This one hundred Dollar gold
coin issued in 1996 was the second to be released from a series of nine entitled Floral Emblems of Australia. The set
was released between the years of 1995 and 2003 with a coin featuring the floral emblem of each state as well as the Commonwealth,
the Australian Capital Territory and the Northern Territory. This particular coin features the Blue Gum, which is the floral
emblem of Tasmania. Each emblem of the entire series is represented on three different coins. The first is a $150 half Troy
coin and the remaining two are both $100 one-third Troy ounce proof coins, one of which is an
(Royal Australian Mint, 2002)
With regards to the $100 coins there was a limited
of 2500 for the standard proof and 3000 for the uncirculated proof. Credit for the design of the
reverse of this coin goes to Horst Hahne.
The design is very simple and features the Blue Gum, which takes up the majority of the space. The
100 DOLLARS is curved beneath the flower following the shape of the coin. The
obverse features the Raphael Maklouf portrait of her Majesty Queen Elizabeth II and is surrounded by the
that reads ELIZABETH II AUSTRALIA 1996. The $100 coins were issued in a plush burgundy presentation case and accompanying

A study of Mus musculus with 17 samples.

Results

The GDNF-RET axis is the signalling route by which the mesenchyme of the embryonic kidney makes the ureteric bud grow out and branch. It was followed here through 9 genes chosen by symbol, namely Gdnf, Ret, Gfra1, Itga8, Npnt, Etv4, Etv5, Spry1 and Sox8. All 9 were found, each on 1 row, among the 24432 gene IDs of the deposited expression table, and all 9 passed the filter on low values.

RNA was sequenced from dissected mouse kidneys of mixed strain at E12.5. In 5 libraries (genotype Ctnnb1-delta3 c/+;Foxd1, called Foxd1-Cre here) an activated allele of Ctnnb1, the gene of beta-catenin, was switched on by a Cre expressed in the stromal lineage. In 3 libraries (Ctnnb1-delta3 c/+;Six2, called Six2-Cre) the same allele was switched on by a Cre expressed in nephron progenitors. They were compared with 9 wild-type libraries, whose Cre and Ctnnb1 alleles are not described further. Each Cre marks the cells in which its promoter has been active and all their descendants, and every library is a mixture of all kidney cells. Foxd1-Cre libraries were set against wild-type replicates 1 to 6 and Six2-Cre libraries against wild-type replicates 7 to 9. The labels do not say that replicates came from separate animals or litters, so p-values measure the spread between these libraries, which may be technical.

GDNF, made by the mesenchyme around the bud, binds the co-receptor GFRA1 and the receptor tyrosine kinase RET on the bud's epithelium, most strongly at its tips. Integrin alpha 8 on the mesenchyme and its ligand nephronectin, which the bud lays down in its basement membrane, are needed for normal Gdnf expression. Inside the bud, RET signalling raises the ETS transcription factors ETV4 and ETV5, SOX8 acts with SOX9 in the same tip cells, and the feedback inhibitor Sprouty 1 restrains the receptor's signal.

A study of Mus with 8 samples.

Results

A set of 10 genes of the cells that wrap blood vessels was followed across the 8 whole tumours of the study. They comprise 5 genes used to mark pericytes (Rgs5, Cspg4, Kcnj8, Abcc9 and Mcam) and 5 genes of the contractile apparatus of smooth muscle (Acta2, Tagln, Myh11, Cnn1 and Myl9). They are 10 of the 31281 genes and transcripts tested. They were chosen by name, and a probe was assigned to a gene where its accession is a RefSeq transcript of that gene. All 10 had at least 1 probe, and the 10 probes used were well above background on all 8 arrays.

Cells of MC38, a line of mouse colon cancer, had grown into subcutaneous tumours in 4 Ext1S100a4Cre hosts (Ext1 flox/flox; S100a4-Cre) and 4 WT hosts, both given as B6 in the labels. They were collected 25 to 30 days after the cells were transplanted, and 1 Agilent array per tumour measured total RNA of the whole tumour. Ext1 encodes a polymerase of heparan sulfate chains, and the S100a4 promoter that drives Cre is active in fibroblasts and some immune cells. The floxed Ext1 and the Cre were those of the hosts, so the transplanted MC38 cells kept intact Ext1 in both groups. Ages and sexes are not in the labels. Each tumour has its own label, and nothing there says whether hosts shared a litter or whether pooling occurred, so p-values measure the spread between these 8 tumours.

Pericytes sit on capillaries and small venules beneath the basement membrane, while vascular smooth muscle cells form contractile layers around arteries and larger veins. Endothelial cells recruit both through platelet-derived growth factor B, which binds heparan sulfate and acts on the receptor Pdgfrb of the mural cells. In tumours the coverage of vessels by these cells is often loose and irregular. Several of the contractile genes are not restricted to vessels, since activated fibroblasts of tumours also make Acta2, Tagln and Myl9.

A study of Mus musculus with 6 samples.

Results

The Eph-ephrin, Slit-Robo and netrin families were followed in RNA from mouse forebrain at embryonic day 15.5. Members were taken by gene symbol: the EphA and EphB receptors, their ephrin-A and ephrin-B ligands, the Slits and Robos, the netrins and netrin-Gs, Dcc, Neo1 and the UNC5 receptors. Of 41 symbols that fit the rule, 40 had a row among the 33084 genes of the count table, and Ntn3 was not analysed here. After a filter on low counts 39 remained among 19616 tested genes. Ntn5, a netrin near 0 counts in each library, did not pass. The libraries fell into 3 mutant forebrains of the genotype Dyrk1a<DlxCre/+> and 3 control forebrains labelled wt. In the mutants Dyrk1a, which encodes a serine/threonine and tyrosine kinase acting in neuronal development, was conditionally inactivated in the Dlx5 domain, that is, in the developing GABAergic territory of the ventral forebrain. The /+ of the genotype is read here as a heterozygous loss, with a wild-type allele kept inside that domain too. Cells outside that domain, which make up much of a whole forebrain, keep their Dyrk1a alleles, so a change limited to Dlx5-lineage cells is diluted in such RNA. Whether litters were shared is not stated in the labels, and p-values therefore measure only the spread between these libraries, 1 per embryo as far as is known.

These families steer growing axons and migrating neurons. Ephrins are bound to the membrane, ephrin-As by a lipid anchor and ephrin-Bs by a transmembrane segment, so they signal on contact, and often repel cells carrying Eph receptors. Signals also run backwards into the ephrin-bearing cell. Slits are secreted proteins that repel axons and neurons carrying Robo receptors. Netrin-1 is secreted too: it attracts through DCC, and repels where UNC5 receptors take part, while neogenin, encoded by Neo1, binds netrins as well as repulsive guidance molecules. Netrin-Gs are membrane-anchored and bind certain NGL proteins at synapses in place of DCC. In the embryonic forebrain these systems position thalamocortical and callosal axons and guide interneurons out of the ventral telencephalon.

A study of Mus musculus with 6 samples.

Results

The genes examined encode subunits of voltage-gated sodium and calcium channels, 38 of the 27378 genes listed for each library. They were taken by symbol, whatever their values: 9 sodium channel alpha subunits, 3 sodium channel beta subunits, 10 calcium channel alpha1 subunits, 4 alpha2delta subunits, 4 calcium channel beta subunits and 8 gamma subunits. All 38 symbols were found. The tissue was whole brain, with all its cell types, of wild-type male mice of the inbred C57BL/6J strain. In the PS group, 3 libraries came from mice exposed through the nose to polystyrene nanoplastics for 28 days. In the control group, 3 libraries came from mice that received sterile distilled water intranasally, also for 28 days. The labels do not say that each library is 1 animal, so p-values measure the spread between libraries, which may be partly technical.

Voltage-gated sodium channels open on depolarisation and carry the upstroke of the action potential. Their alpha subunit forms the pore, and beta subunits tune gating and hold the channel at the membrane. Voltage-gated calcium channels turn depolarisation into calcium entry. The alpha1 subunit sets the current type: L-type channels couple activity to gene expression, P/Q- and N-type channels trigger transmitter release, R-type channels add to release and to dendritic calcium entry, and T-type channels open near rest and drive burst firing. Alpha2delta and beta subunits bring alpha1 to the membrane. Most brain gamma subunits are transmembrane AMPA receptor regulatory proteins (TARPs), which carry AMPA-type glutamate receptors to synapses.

it was a Certificate of Authenticity and booklet of information pertaining to the different floral emblems. The outer box
was also a burgundy colour and features the text FLORAL EMBLEMS OF AUSTRALIA written above a picture of the flower represented
within. Below was written 1996 $100 GOLD UNCIRCULATED or PROOF accordingly.
The Blue Gum tree goes by a variety of names such as the Tasmanian Blue Gum, the Southern Blue Gum or its scientific name
eucalyptus globulus. They are an evergreen tree that grow to up to 180 ft tall and are the most widely cultivated of all
of the native Australian trees. Although found in other areas the Blue Gum is most commonly found in Tasmania and Southern
The leaves can be used to extract eucalyptus oil and the Blue Gum tree is actually the primary source of the popular
oil. The leaves can also be used to make tea and the flowers are a great source of pollen and nectar making them a favourite
with bees. In 1962 the Tasmanian Blue Gum tree was made the floral emblem of Tasmania.